Over the course of the last couple of decades, a massive shift in corporate power has been occurring.
Where we once viewed hardware and hard goods as the ultimate sign of power and wealth in the world, we are now seeing a transfer of clout to the digital realm. Early internet adopters such as Google and Facebook have reaped the benefits of this windfall, and have done so with an unflinching thirst for more.
Worse still, many of the largest internet-centric corporations out there are evolving faster than our legal system can catch up, giving the entire world wide web a bit of a wild-west feel.
This week, it seems as though the Department of Justice may finally have got within earshot of Google’s plans for world domination.
The Justice Department filed an antitrust lawsuit Tuesday alleging that Google engaged in anticompetitive conduct to preserve monopolies in search and search advertising that form the cornerstones of its vast conglomerate.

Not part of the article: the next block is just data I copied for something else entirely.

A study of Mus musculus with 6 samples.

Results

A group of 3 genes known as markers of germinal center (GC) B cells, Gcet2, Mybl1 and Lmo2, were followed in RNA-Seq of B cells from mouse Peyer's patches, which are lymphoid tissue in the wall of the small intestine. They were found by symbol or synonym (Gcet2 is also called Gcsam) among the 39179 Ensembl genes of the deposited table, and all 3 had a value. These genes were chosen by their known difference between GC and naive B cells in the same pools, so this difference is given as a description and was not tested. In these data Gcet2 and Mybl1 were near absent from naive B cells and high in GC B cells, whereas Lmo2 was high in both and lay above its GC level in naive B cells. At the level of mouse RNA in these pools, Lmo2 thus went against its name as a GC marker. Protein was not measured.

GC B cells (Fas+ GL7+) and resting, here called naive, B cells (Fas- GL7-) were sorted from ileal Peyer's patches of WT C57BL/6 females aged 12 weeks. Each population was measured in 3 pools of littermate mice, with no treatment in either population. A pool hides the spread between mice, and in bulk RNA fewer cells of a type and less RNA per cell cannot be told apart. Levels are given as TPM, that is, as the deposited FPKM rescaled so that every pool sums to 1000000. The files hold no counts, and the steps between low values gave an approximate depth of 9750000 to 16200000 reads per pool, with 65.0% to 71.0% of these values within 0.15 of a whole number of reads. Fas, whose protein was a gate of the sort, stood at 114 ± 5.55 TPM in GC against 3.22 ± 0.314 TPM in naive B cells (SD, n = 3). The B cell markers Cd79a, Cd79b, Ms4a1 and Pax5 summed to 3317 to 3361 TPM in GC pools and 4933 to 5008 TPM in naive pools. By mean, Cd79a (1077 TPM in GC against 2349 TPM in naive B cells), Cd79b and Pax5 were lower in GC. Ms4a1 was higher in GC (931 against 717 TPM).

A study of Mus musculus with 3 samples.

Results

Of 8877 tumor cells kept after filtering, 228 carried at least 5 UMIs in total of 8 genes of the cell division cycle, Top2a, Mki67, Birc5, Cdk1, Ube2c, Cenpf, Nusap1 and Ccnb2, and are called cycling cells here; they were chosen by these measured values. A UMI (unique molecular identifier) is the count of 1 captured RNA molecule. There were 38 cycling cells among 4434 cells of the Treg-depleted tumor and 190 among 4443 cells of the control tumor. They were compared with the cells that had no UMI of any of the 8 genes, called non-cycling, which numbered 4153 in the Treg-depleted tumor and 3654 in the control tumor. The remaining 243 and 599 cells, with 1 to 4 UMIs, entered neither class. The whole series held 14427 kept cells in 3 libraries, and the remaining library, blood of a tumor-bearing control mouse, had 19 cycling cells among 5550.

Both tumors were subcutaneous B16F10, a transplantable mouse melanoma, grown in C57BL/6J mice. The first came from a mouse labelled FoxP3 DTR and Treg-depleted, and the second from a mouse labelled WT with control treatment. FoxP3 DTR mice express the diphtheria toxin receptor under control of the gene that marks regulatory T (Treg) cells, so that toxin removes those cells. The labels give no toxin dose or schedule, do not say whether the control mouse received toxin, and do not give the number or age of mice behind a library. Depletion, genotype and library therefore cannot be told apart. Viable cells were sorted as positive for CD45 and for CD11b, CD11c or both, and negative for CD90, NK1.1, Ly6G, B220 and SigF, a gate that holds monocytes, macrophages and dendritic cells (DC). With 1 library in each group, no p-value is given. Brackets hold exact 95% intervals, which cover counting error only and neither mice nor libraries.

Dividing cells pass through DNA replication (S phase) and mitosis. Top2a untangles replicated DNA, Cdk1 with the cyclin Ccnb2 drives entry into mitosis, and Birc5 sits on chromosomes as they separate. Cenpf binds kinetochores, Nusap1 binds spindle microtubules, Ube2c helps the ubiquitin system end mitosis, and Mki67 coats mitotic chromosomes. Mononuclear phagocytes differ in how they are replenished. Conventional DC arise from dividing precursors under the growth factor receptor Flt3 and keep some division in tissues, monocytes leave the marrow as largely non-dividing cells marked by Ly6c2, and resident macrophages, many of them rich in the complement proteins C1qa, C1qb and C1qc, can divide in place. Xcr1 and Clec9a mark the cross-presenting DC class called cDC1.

The long-anticipated case, filed in a Washington, D.C., federal court, marks the most aggressive U.S. legal challenge to a company’s dominance in the tech sector in more than two decades, with the potential to shake up Silicon Valley and beyond. Once a public darling, Google attracted considerable scrutiny over the past decade as it gained power but has avoided a true showdown with the government until now.
So, what exactly is the issue?
The department alleged that Google, a unit of Alphabet Inc., is maintaining its status as gatekeeper to the internet through an unlawful web of exclusionary and interlocking business agreements that shut out competitors. The government alleged that Google uses billions of dollars collected from advertisements on its platform to pay mobile-phone manufacturers, carriers and browsers, like Apple Inc.’s Safari, to maintain Google as their preset, default search engine.
As it stands today, Google accounts for 4/5ths of all internet search queries, making the company’s algorithm a major bottleneck of the digital realm.